It’s not a surprise – it never really was – but the just-released House FY2012 Energy and Water Appropriations bill predictably seeks hefty cuts to the nation’s innovative capacity in clean energy, in a continuation of efforts by opponentsof public-private innovation and clean energy alike.
The Administration has rightly been gearing up a major push to accelerate cleantech innovation and strategy, in part by seeking necessary and appropriate boosts to federal investment in the Recovery Act and FY21012 budget request. The Energy and Water bill seeks to roll much of that back and then some, not only denying these boosts in investment but setting budgetary levels back to pre-2010 levels.
Department-wide, the bill would pile on top of cuts already made to innovation investments earlier this yearby trimming $6 billion from the Administration’s request, which would leave departmental funding nearly $2 billion below FY 2010 levels. The kicker—and the real problem—is that according to the Committee’s math, most of this cutting comes out of clean energy’s hide. Compared with the current year’s budget, more than half of the proposed cuts come from clean energy innovation programs like the Office of Energy Efficiency and Renewable Energy, the Office of Science, and ARPA-E (see chart).
Again, the current year’s budget is already a step back from prior investment levels – so the draft bill is insult to injury as far as investment is concerned. Some lowlights:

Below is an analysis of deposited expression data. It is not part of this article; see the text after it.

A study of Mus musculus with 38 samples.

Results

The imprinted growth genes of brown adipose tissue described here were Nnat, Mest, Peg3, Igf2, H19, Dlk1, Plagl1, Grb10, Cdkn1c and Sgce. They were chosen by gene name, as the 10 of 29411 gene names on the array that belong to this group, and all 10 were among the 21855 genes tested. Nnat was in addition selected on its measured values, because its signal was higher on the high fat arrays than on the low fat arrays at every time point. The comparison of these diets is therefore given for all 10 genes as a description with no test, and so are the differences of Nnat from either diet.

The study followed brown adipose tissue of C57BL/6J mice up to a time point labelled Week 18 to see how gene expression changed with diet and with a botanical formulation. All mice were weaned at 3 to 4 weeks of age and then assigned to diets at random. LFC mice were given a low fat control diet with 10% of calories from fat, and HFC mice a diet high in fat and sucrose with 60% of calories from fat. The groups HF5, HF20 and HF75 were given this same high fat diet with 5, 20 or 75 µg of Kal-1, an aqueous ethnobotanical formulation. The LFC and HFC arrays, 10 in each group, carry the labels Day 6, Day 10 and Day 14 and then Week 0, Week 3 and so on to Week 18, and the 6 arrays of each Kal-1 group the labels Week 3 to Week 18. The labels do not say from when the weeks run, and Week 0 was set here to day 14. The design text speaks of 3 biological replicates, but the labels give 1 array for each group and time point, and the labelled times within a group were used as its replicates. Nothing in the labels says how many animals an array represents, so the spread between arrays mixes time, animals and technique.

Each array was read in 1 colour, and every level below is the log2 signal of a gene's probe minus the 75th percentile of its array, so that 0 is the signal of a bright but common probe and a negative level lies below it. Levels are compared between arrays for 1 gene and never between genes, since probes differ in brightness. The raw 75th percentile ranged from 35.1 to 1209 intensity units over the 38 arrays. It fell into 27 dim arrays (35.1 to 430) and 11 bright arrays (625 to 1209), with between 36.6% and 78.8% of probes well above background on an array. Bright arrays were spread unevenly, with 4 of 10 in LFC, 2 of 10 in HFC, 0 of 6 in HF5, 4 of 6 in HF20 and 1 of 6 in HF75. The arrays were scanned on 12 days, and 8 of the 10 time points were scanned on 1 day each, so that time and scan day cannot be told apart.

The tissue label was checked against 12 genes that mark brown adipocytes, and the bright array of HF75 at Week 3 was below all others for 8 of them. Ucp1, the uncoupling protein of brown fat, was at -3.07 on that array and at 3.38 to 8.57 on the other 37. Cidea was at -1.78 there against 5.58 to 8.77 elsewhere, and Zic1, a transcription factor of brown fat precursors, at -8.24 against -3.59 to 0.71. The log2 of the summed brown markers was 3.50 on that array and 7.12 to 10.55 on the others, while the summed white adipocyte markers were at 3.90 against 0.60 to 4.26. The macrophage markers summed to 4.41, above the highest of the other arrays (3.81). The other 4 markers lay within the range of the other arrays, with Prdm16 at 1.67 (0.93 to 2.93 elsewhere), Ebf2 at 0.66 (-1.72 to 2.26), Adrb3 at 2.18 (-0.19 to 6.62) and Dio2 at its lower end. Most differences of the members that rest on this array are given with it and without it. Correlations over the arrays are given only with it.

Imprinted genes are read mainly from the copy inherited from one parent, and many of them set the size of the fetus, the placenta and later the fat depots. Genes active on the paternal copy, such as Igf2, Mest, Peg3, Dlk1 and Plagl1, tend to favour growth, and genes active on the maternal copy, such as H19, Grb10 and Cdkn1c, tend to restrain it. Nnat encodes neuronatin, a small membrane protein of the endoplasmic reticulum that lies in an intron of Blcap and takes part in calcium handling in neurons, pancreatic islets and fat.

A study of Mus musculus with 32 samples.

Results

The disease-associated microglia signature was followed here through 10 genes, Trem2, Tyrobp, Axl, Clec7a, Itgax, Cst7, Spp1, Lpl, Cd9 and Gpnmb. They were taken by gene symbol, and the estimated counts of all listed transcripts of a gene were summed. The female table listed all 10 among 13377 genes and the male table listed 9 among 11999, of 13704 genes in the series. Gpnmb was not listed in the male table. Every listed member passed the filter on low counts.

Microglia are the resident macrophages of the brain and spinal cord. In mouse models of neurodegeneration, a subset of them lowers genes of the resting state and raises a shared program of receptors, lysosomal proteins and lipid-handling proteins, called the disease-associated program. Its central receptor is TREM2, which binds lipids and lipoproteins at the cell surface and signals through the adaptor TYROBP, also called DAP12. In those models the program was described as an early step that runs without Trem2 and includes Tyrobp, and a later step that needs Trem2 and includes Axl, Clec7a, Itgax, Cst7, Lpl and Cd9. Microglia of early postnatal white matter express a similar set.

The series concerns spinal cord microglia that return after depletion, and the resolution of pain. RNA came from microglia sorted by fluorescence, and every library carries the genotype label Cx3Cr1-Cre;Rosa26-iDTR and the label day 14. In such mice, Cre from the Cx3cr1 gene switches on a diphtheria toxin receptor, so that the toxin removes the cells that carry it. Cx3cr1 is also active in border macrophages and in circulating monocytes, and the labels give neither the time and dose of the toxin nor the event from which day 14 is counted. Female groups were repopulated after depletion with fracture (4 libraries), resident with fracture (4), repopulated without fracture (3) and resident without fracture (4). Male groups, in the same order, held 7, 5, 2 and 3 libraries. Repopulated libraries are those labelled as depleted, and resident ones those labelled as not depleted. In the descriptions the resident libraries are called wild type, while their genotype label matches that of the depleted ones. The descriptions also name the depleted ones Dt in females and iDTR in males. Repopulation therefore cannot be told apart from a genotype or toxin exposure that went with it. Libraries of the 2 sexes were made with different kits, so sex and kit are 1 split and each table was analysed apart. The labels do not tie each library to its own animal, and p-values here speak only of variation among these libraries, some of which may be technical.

- The Office of Energy Efficiency and Renewable Energy, which handles much of the applied R&D portfolio, has programs to develop almost every form of efficiency or renewable technology, will soon host multiple Energy Innovation Hubs, and fosters rather extensive public-private partnerships, would get it worst in absolute terms. The draft bill would cut the office’s budget by 40% below FY 2010 levels and 60% below what the Administration had been seeking.
- The Office of Science, which among other things performs fundamental research to overcome the major challenges in science and technology, hosts the Energy Frontier Research Centers, and has a track record of impressive breakthroughs, fares a bit better given its basic research profile and the fact that its budget is larger to begin with. The draft bill would trim the office’s budget by 11% below the Administration’s request and only 3% below 2010 levels.
- The real trouble is for ARPA-E, as feared. A long line of experts, including Bill Gates himself, has called for billion-dollar funding levels for the dynamic agency, but the draft bill would deliver only a tenth of that. It would leave the agency’s budget at $100 million, well below both the Administration’s request and the original budget provided by the Recovery Act.
- What’s the only energy program in which draft bill exceeds the White House’s expectations? Fossil energy, of course. The draft bill would leave fossil energy $24 million above the request and $32 million above FY 2011 levels.
- Nuclear energy would also receive a big cut though the Committee doesn’t seem to want to draw attention to it, by more than $100 million below both the Administration’s request and the current budget, representing roughly a 14% decrease.
The Energy & Water Subcommittee marks up the bill Thursday morning. We’ll see if any voices can step up in favor of innovation.